I was five years old the first time I took New York City’s MTA bus and subway. I still remember thinking how cool it was to look out the window and see the city I live in fly by. I felt grown up, surrounded by businessmen in suits talking rapidly in their cell phones. I felt as if I was one tiny piece of the puzzle that makes New York City. There are literally bus and subway routes taking you to any place in NYC with a 2-2.5 hour span. As New Yorkers, we are taught from an early age that, yes, you should run for the first open seat near you, but also to be considerate of the elderly and disabled when they board the bus.
One experience I had that made me realize how much NYC MTA has had an effect on me was on my trip to Greece. In Athens, they have a similar train program, and of course, us from NYC knew to run for the open seats and to place our tickets into the automatic scanner. I thought this was all common sense, until the students from Illinois came on (mind you, they came in our group) and stopped with puzzled faces, wondering why they were unable to get a seat. Of course, there have been quite a number of mornings when I get agitated to an extreme with the MTA. When the Q88 is a half hour late, and I am most likely missing my first class, I say to myself, “I am going to go home and write a *strongly worded* letter to the MTA!” But even then, I know for a fact that the MTA is something that makes this city individualized. It is something that allows NYC residents to have individuality. I’m sure that there aren’t many places in the world where there are free shows coming to you, whether it be a card trick or a jazz performance, asking for change as a payment. You can’t get this experience elsewhere.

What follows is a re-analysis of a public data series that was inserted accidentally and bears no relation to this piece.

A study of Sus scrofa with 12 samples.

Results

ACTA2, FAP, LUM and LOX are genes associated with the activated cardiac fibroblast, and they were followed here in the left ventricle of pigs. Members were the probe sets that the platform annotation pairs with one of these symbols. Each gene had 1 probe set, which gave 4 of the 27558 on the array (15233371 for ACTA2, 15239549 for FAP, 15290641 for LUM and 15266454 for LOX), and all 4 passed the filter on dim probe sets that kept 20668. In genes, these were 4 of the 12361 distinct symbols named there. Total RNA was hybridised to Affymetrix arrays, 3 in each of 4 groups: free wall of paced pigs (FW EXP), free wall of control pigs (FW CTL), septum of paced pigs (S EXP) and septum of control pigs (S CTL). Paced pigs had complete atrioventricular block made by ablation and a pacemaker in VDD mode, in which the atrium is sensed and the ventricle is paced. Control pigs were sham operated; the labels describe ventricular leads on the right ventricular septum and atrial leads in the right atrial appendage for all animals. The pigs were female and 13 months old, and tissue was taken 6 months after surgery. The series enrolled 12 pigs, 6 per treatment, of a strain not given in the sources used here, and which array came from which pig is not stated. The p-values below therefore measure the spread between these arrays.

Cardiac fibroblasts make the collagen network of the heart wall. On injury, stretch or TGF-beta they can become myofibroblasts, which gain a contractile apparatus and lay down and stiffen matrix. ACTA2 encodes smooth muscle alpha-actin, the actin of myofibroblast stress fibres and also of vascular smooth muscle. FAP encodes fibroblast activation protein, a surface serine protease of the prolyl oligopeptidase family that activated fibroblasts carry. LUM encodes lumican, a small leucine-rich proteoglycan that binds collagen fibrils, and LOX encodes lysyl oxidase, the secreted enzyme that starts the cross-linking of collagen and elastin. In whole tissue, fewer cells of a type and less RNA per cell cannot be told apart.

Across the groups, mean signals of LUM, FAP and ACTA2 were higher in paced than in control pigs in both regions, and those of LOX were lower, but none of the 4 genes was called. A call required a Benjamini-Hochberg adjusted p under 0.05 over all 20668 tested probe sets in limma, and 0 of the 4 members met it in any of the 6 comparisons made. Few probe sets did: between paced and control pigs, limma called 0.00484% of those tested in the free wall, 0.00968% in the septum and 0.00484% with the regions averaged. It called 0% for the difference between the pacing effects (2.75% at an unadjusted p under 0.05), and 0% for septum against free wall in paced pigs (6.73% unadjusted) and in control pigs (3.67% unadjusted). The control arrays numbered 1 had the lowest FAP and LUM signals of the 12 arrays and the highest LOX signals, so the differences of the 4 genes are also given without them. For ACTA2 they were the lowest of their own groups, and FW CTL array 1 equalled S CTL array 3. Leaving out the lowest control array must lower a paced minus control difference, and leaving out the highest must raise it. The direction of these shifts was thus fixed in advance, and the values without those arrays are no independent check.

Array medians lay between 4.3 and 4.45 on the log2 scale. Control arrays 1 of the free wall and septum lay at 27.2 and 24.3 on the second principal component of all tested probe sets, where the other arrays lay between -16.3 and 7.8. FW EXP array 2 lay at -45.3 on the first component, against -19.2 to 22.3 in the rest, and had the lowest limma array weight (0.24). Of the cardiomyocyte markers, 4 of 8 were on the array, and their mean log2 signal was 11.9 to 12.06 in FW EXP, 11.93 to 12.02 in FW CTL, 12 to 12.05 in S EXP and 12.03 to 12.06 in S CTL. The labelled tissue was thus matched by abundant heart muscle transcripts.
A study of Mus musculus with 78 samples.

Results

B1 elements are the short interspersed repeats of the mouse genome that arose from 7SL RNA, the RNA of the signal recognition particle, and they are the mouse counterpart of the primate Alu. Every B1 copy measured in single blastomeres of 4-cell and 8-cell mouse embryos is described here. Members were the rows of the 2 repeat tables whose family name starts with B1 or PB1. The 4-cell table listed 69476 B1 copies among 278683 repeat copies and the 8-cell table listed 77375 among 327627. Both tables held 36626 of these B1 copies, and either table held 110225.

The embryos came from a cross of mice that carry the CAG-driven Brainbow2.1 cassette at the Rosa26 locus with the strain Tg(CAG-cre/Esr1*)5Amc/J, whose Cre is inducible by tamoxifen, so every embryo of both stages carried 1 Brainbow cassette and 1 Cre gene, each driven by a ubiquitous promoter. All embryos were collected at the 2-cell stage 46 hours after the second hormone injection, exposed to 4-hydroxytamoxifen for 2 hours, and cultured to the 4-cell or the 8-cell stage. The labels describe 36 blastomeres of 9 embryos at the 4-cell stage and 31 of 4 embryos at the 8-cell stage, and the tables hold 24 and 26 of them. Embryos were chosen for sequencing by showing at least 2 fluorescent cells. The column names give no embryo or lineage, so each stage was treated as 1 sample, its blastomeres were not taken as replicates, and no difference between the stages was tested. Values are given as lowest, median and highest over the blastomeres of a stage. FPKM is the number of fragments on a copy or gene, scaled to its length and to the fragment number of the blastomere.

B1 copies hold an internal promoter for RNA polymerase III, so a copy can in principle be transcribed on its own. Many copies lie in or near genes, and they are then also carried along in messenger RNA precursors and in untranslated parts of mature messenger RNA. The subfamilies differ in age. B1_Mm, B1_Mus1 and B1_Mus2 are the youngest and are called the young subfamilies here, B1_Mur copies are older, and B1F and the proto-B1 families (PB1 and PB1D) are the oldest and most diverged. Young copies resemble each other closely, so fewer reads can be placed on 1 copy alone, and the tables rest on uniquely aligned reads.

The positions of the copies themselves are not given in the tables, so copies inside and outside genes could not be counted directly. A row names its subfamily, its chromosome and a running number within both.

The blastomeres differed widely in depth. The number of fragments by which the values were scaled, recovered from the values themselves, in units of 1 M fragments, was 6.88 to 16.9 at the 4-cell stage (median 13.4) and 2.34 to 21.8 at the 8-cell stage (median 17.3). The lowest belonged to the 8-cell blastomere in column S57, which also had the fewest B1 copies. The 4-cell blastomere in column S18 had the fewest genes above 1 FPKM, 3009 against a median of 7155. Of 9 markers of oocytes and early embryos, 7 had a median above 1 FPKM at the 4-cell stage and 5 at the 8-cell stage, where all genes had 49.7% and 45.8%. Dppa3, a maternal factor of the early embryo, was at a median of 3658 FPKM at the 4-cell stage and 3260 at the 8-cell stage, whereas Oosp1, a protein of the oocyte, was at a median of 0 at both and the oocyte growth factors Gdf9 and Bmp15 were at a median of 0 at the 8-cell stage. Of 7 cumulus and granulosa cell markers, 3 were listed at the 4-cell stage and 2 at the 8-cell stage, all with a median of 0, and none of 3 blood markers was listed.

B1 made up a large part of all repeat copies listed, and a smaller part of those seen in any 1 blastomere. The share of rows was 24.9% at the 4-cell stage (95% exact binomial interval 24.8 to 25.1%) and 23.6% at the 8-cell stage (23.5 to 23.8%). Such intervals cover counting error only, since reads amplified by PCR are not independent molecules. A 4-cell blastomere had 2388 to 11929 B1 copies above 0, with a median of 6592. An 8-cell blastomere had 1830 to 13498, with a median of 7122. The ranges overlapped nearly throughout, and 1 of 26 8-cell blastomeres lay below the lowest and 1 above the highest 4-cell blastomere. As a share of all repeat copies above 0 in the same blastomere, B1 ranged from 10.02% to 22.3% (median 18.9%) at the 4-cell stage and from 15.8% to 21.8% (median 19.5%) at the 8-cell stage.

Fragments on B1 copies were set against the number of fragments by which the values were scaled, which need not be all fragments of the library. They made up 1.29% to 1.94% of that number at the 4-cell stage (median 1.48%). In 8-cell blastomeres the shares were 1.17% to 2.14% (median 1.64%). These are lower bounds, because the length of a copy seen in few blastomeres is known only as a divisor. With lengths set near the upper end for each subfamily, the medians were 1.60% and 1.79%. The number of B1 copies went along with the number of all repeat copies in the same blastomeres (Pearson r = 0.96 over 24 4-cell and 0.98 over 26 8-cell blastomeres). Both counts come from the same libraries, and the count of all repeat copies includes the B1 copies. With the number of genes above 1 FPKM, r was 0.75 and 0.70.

So what am I trying to prove here? Personally, I don’t believe that Queens College needs shuttle buses. My reasons for this, along with everything I’ve said above, is that I am already one of the hundreds of commuter students living over an hour away paying for a metro card. The $115 monthly isn’t cheap, and adding another $40 per semester to pay for a shuttle that is not beneficial to me, nor necessary, is something that I simply cannot agree to. Also, many of the commuter students to QC drive- they have to pay for their parking permits as well as gas. I do not think they should be forced into paying for a service that they will not be using. Lastly, there are those that simply do not need to use the public transportation services frequently. A simple bus ride to Main street leading to the 7 train will get you into the city in just under $3.00.
Just my view!
So, if you disagree with me on this issue, let me know! Comment below and see what others have to say about this.